Here are the companies you can trust with your data, according to the EFF

Here are the companies you can trust with your data, according to the EFF
Bryan Clark
Story by

Bryan Clark

Former Managing Editor, TNW

Bryan is a freelance journalist. Bryan is a freelance journalist.

The Electronic Frontier Foundation today released a handy graphic letting you know which of the major players in the tech world have your back when it comes to government data requests. Like most tech problems, the issue isn’t a simple one. But the EFF’s list breaks it down into five data points in an attempt to educate consumers about which companies share their values.

Tracked data points were:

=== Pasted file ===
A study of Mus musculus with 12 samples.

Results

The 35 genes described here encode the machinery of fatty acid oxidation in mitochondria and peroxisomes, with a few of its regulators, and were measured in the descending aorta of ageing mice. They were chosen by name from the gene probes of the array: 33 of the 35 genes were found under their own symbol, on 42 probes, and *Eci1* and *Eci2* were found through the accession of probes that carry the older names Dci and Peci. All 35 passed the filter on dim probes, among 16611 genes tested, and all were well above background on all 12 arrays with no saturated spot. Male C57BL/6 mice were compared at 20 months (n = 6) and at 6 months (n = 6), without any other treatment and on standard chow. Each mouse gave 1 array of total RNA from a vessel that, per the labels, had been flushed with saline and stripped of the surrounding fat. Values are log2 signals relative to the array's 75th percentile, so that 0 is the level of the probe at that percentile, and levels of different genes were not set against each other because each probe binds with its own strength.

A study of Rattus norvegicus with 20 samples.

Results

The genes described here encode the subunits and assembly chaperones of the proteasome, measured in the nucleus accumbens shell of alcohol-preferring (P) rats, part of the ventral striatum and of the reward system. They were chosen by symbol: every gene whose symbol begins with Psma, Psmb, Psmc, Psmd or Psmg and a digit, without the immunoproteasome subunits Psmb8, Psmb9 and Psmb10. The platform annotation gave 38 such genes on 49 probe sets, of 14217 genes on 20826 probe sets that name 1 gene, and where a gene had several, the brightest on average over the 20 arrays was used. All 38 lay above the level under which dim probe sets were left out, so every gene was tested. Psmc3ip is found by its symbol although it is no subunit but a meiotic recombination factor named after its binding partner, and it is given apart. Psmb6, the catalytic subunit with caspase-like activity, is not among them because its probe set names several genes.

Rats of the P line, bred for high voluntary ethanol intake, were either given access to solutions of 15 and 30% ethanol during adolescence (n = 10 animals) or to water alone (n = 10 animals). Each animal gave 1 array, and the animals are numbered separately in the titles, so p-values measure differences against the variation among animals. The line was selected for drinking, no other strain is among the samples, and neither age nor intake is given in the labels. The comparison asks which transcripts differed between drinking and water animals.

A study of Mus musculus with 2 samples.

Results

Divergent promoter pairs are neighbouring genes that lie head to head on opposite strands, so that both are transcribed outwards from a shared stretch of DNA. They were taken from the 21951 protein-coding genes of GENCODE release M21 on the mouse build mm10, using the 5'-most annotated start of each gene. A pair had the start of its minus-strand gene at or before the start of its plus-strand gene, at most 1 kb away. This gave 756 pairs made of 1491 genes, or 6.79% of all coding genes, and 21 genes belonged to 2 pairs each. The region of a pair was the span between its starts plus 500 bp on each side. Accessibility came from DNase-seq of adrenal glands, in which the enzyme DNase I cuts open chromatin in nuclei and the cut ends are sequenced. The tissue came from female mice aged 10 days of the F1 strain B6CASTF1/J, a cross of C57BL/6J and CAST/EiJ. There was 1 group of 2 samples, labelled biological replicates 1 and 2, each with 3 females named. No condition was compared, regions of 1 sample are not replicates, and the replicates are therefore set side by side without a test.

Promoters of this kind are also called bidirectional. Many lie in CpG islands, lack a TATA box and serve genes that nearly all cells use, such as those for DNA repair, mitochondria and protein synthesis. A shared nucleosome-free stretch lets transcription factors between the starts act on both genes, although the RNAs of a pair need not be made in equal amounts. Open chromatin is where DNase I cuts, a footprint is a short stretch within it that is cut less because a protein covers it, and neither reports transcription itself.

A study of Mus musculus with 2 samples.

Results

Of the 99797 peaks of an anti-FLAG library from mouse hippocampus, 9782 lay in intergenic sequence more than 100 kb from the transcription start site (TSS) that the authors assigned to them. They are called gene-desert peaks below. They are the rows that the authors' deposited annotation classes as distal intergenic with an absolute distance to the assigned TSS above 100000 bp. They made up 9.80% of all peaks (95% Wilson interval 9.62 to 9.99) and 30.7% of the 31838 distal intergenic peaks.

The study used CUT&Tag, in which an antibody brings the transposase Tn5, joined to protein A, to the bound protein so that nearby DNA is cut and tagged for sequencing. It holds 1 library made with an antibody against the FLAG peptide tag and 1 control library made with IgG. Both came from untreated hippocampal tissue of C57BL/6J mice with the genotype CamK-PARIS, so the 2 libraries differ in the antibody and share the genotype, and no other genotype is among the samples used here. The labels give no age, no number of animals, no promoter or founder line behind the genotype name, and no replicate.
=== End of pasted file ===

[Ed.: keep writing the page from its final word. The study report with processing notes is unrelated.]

1. Follows industry-wide best practices: Publishing law enforcement guides, requiring a warrant before disclosing user content to the government, and publishing a transparency report.
  2. Tells users about government data requests: Companies that commit to providing their customers information about pending data requests.
  3. Promises not to sell out users: Definitions vary, but typically revolves around use of app/website data for surveillance purposes.
  4. Stands up to National Security Letter gag orders: Companies that challenge NSL gag orders before bending to the request.
  5. Pro-user public policy Reform 702: Where companies stand on internet surveillance by the NSA.

It’s not an all-encompassing list by any means, but it does include most of the tech companies you deal with regularly — 26 in total. Adobe, Dropbox, and others scored top marks, while companies like Comcast and AT&T are just as awful as you’d expect.

Each data point comes from a larger report, ‘Who Has Your Back? 2017: Protecting Your Data From Government Requests,’ which you can view here.